Around 93 percent of British Muslims have a strong attachment to Britain [Getty]

Date of publication: 2 December, 2016

Around 93 percent of British Muslims have a strong attachment to Britain but the majority of them believe in "worrying" conspiracy theories, a centre-right think tank report revealed on Friday.

Ninety percent of Muslims condemned terrorism and only 2 percent expressed sympathy towards political radicalism, a report by the Policy Exchange found.  

"Britain's Muslims are amongst the country's most loyal, patriotic and law-abiding citizens," MP Khalid Mahmood -also one of the authors of the report – said.

The study found that British Muslims shared the same concerns and priorities as the country's wider population, as opposed to having their own "Islamic concerns".

"British Muslims are, on a whole range of issues, no different in their views and priorities than their non-Muslim neighbours," Mahmood said.

The report found that British Muslim’s attitudes towards issues such as unemployment, immigration and the NHS were largely in line with the rest of the population.

Faith Matters – an NGO that works to promote community cohesion - told The New Arab that the findings are not new.

"The Policy Exchange report outlines what we have known," Fiyaz Mughal, director and founder of Faith Matters said.

"Muslim communities want to be part of social integration in the UK and many are also integrated and productive parts of society," Mughal told The New Arab.

Muslim communities want to be part of social integration in the UK and many are also integrated and productive parts of society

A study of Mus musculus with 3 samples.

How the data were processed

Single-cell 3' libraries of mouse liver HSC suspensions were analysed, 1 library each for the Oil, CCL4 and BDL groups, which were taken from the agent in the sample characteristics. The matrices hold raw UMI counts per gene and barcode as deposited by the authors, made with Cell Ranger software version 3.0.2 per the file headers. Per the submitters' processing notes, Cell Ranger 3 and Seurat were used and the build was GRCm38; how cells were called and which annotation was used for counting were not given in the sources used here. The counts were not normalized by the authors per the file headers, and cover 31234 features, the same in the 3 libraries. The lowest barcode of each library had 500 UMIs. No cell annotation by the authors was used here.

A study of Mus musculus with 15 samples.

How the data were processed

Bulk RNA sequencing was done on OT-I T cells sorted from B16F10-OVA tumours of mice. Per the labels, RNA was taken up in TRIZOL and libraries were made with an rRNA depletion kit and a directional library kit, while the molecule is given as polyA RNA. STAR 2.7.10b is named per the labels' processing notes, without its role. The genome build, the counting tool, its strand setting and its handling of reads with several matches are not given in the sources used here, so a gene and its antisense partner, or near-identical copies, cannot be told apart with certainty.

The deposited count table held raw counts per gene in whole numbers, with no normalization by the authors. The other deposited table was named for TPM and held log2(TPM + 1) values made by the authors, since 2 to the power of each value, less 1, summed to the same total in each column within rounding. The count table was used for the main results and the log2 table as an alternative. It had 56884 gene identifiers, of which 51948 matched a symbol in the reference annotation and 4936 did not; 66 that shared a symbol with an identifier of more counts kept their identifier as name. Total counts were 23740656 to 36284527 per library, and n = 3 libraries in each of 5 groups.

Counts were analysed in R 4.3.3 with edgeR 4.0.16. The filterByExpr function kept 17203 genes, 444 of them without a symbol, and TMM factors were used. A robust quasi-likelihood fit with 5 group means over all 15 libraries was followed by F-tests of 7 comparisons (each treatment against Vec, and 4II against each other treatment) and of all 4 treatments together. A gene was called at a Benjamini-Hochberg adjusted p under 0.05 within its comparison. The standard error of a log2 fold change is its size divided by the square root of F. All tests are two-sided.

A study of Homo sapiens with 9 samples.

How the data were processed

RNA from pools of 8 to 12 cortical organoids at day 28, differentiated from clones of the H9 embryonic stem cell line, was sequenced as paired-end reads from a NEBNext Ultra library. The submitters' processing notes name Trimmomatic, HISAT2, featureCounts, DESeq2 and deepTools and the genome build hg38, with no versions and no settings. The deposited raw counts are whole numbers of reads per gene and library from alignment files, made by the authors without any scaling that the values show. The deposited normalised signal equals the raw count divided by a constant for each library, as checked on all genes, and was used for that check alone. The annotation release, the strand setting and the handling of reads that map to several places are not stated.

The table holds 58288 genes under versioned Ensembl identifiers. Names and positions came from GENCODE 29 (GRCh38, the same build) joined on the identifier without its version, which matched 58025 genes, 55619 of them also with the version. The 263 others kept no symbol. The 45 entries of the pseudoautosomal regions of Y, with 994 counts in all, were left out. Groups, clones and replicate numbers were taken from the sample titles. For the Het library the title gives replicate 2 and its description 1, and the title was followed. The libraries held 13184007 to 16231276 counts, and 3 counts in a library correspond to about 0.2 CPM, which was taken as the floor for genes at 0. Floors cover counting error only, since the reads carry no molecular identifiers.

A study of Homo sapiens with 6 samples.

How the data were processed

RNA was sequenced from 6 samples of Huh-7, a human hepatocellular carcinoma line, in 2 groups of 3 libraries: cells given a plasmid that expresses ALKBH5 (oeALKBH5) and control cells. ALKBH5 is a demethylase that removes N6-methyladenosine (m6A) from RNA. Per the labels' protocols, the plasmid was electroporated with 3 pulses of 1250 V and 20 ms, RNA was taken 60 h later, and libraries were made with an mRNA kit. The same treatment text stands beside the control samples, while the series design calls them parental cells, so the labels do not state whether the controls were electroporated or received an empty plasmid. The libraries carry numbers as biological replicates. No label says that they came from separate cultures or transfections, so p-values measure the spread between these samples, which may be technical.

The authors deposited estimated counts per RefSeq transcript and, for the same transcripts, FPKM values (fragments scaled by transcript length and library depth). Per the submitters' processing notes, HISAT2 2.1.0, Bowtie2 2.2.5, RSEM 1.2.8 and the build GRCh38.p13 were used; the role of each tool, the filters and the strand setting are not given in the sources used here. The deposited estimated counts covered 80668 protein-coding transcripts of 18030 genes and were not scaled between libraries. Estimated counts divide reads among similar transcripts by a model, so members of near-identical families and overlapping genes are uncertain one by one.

- Fiyaz Mughal, director and founder of Faith Matters

"Many have the same identical day to day concerns as everyone else," he added.

"We welcome the report on these points and organisations that seek to divide rather than bring communities are running against the grain of what is taking place."

Conspiracy theories

The report also found that a "startling" number of British Muslims believed in conspiracy theories.

"So many British Muslims seem ready to entertain wild and outlandish conspiracy theories about the way the world works, believing that dark forces are at work to ‘do us down' as Muslims," MP Khalid Mahmood said.

"From the attacks of 9/11, down to the more recent conflict in Syria, too many people seem ready to believe that these events are being deliberately organised and manipulated – whether by the American Government, Jews, or some other force – with the express intention of damaging Muslims."

The Muslim Council of Britain [MCB] rejected these findings, accusing the report of misrepresenting what were otherwise "promising results" from the poll.

A large minority of Muslims seem to agree that conspiracy theories often contain elements of truth, in line with the broader UK population
- The Muslim Council of Britain

The report "provided ample fodder to countless headlines demonising Muslims", the MCB said in a statement.

"There are some disturbing results in the poll that deserve further investigation.

"A large minority of Muslims seem to agree that conspiracy theories often contain elements of truth, in line with the broader UK population [40% vs. 37%].

"In addition, more British Muslims have conspiracy views about 9/11 in a proportion that is high and similar to results polling the US population on this issue."

As the Muslim Council of Britain, we will be meeting to discuss how to understand this problem properly so that action can be taken to challenge these worrying views."

The study – which was conducted in partnership with polling company ICM – surveyed just over 3,000 British Muslims across the UK.

According to a 2011 census, Britain is home to some 2.7 million Muslims, making up 4.8 percent of the British population.